Those large-scale protests on everything from climate change to wealth inequality make for engaging news segments. But do they result in real change?
That’s a question Sarah A. Soule of Stanford Graduate School of Business wanted to examine as part of her ongoing research on social movements.
“In the social movement literature and more broadly, people pay more attention to public activities, such as mass protest events or petitions,” says Soule, a professor of organizational behavior at Stanford GSB. “But they don’t usually think about the professional, behind-the-scenes role that social movement organizations can play in helping shape legislators’ thinking about policy.”
In this context, Soule and her coauthor, Scott Ganz of Georgia Tech, studied environmental social movement or advocacy organizations that testified before Congress. As an example, she points to the 2011 hearings by the House Committee on Natural Resources on legislation regarding the conservation of such species as tigers, rhinos, apes, and turtles. The committee invited four environmental organizations, including the Dian Fossey Gorilla Fund International and Safari Club International, to provide specialized testimony on the topic.
In a study examining 26 years of records of congressional hearings — including the one above — Soule and Ganz showed that environmental movement organizations use two separate channels to wield significantly more political influence than other interest groups. First, they heighten lawmakers’ awareness of what matters to their constituents, then they provide specific policy expertise on those issues.
Insights into Influence
The researchers were interested in two questions: how social movement organizations exert influence on policymaking through their expertise and how that level of influence compares to that of other types of advocacy groups.
Among social organizations, the researchers chose to focus specifically on environmental groups. “This is an area in which social movement organizations have been very active serving as expert witnesses to help craft policy,” Soule says, “as opposed to focusing efforts on protesting in the streets.”
To study organizational influence, the researchers collected data on every congressional hearing related to species and forest protection in the House of Representatives from 1988 through 2014. They paid close attention to the nature of the organizations invited to testify. “We had to identify whether they were an advocacy group, as we define it, or something else such as a labor union or professional organization,” Soule says.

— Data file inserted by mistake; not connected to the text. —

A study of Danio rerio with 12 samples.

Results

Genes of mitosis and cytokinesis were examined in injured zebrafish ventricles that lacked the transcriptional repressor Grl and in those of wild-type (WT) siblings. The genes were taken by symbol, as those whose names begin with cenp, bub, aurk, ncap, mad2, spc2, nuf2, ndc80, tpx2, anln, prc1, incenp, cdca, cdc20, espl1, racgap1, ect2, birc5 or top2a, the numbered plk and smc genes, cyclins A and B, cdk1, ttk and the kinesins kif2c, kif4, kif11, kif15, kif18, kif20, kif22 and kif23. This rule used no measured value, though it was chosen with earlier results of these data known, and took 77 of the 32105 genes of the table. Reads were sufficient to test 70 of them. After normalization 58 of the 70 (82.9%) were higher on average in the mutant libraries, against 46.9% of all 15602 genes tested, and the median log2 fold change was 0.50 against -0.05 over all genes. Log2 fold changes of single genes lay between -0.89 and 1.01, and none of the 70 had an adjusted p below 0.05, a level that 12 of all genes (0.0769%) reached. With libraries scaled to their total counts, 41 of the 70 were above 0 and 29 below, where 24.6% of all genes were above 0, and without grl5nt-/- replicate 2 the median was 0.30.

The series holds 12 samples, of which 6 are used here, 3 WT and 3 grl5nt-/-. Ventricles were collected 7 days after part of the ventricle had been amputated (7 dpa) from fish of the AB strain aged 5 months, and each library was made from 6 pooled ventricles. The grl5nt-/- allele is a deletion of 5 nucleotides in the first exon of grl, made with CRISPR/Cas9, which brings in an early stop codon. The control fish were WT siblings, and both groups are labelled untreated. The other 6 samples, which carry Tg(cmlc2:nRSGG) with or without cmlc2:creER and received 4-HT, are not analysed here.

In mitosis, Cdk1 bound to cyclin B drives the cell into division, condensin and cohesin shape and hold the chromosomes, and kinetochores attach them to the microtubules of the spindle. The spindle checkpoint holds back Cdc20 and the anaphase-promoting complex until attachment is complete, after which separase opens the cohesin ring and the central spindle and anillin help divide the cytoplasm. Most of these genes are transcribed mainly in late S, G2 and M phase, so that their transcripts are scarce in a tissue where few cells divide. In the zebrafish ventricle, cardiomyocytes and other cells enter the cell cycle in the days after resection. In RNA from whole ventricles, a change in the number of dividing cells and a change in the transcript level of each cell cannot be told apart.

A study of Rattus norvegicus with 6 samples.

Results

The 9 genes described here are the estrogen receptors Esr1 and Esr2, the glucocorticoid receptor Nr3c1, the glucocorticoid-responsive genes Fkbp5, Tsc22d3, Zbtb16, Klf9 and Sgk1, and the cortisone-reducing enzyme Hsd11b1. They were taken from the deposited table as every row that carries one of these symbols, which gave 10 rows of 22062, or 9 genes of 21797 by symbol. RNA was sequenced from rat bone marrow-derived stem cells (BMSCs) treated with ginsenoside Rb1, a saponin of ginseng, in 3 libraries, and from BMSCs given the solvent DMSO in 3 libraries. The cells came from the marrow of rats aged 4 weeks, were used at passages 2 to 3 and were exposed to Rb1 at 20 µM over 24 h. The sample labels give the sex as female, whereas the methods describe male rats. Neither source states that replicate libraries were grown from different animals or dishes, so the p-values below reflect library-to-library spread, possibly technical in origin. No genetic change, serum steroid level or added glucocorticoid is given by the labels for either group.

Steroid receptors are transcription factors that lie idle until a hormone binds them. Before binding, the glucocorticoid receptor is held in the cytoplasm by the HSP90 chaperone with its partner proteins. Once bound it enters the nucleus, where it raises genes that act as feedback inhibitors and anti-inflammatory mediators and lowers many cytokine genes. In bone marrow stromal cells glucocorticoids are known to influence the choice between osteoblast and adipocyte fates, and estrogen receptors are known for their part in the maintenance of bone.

Beyond understanding which groups made it to congressional hearings in general, Soule and Ganz examined the specific types of hearings on which a given type of organization had influence. “In the beginning of the legislative process,” Soule says, “when legislators are trying to figure out what constituents care about, they may pay attention to mass protests, for example, to understand public opinion, as a sort of informational signal.” Protests typically influence which issues the lawmakers will choose to address and eventually how they will vote on proposed legislation.
But there are multiple points between those two phases, most notably the crafting of legislative language. At that stage, they may call on social movement organizations for expert information, such as which nature preserves or species require the most urgent protection.
Soule’s research uncovered the importance of social movement organizations in both the investigatory (deciding what issues the public cares about) and policy-crafting (deciding how to address those issues) phases of the legislative process.
The study found that social movement organizations exert more influence during the later stages of policymaking than do other types of interest groups. Legislators appear to see social movement groups, due to their scientific expertise and perceived legitimacy, as offering higher-quality inputs than other organizations do.
Seek a Seat at the Table
Soule’s research has multiple implications for stakeholders in the legislative process.
“Our finding that social movement organizations offer valuable policy-related expertise probably isn’t shocking for legislators,” Soule says, “because they’re the ones deciding who gets to testify on an issue in the first place.” But she notes that lawmakers might be surprised by the strength of these groups’ influence on policymaking when compared with those representing other interests.
More important are the implications for social movement organizations themselves, as they think about how best to effect change. “With the rise of the internet,” Soule says, “modern movements can mobilize constituents through their websites and social media. If your end goal is to get 500,000 people to turn up on the Mall in Washington, D.C., Twitter is great at that. Facebook is great at that. But if your goal is to actually make lasting change in the system, you have to work within the system — to essentially get a seat at the table.”
“Occupy Wall Street,” she continues, “mobilized a lot of people and got a key point across about income inequality in the U.S. But did it result in real change? Unfortunately, no. Had there been a nice set of organizations able to get access to the political and economic system that the movement criticized, the changes may have been more enduring.”